Date:
September 20, 1999
Source:
Netherlands Organization For Scientific Research
Summary:
Dutch researchers have shown that when old-master paintings are cleaned, larger molecules of aged varnish can be left behind which actually seem to contribute to the yellowing of canvases and panels.

Varnishes are often made from tree resins and are intended to make the colours of a painting appear more intense, to give a shiny surface and to protect the paint layer. However, the layer of varnish gradually changes from colourless to a yellowing, shrinking crust with the characteristic craquelé of old paintings, creating colours which may differ greatly from the original paints used by the artist -blue may look like a kind of green, for example.

Research shows that the aged varnish has an entirely different chemical composition compared to when it was new, having been changed by oxidation and decomposition into smaller, or by polymerisation into larger molecules. When old masters are restored using various alcohols or acetone, for example, the small molecules in the varnish layer -which include oxidised stages of the original triterpenoids- are easily dissolved, whereas the larger reaction products in the old varnish are much more difficult to remove and may become concentrated on the surface of the paint.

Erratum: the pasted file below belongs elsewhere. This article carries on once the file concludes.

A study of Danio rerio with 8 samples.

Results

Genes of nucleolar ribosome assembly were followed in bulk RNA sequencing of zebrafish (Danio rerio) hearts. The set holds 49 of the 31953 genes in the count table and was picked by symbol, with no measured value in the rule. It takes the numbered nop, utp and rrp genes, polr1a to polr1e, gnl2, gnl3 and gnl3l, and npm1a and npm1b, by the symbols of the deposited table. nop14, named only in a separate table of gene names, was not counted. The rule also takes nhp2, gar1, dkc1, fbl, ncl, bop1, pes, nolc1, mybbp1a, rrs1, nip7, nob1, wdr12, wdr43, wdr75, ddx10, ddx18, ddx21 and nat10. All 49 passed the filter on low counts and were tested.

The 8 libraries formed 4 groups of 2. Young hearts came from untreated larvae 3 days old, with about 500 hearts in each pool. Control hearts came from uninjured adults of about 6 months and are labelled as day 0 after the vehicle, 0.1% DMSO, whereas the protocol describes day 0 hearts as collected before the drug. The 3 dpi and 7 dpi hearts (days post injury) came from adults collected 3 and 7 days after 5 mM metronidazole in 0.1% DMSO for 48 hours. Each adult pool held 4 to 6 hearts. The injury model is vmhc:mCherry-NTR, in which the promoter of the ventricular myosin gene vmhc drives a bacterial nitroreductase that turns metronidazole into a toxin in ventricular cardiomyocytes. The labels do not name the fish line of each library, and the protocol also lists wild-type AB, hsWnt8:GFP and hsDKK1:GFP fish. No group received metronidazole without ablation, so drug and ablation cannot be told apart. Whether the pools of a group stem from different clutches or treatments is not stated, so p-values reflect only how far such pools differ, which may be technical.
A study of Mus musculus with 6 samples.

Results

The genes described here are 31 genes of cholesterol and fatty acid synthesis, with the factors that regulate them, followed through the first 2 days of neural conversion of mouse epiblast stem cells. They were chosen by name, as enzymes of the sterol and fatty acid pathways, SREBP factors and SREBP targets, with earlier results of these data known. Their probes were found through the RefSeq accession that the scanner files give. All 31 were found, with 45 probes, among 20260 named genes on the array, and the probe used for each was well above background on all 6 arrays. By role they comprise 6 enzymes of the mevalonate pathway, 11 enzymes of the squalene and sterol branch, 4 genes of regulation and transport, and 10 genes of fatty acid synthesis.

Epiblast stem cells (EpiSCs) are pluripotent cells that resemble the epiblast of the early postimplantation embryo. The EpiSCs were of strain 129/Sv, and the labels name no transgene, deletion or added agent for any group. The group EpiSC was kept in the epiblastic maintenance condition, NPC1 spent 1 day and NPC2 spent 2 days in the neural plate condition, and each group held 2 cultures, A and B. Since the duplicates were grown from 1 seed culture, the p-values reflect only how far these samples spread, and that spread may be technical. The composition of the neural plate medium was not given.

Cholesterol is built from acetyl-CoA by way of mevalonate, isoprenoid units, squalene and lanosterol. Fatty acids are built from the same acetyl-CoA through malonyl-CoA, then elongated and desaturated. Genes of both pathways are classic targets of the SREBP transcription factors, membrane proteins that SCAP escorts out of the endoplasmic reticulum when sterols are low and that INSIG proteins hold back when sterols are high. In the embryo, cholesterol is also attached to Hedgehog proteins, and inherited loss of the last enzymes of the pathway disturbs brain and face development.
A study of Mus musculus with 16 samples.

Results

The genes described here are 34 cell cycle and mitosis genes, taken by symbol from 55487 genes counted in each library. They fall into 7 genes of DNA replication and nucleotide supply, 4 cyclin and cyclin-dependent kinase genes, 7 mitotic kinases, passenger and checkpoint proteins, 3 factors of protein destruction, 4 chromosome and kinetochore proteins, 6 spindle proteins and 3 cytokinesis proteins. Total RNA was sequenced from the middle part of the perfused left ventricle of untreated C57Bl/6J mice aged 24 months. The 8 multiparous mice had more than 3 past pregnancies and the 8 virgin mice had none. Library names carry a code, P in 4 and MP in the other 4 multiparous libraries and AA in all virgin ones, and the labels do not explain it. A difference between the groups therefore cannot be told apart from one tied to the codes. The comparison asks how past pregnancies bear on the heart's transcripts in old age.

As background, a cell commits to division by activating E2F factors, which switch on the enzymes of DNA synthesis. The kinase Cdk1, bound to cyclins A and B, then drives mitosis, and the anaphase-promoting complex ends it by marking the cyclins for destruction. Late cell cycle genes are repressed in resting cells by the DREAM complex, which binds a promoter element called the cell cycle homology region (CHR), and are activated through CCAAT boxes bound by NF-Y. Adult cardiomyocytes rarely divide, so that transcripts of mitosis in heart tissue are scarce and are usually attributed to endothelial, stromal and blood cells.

The Dutch researchers assume that it is precisely this group of harder to dissolve molecules which contribute to the typical yellow discolouration. They found indications for this in experiments in which they exposed pure triterpenoids or triterpenoid varnish in a suitable solvent to light in order to artificially induce accelerated ageing. Within a few weeks, the molecules were found to have undergone a cross-linking reaction producing larger complexes with the characteristic yellow colour. The team is still investigating whether these larger complexes have the same chemical structure as the substances which cause the yellow colour in aged varnish.




Netherlands Organization For Scientific Research. (1999, September 20). Why Paintings Turn Yellow. ScienceDaily. Retrieved August 2, 2015 from www.sciencedaily.com/releases/1999/09/990920071245.htm
Netherlands Organization For Scientific Research. "Why Paintings Turn Yellow." ScienceDaily. www.sciencedaily.com/releases/1999/09/990920071245.htm (accessed August 2, 2015).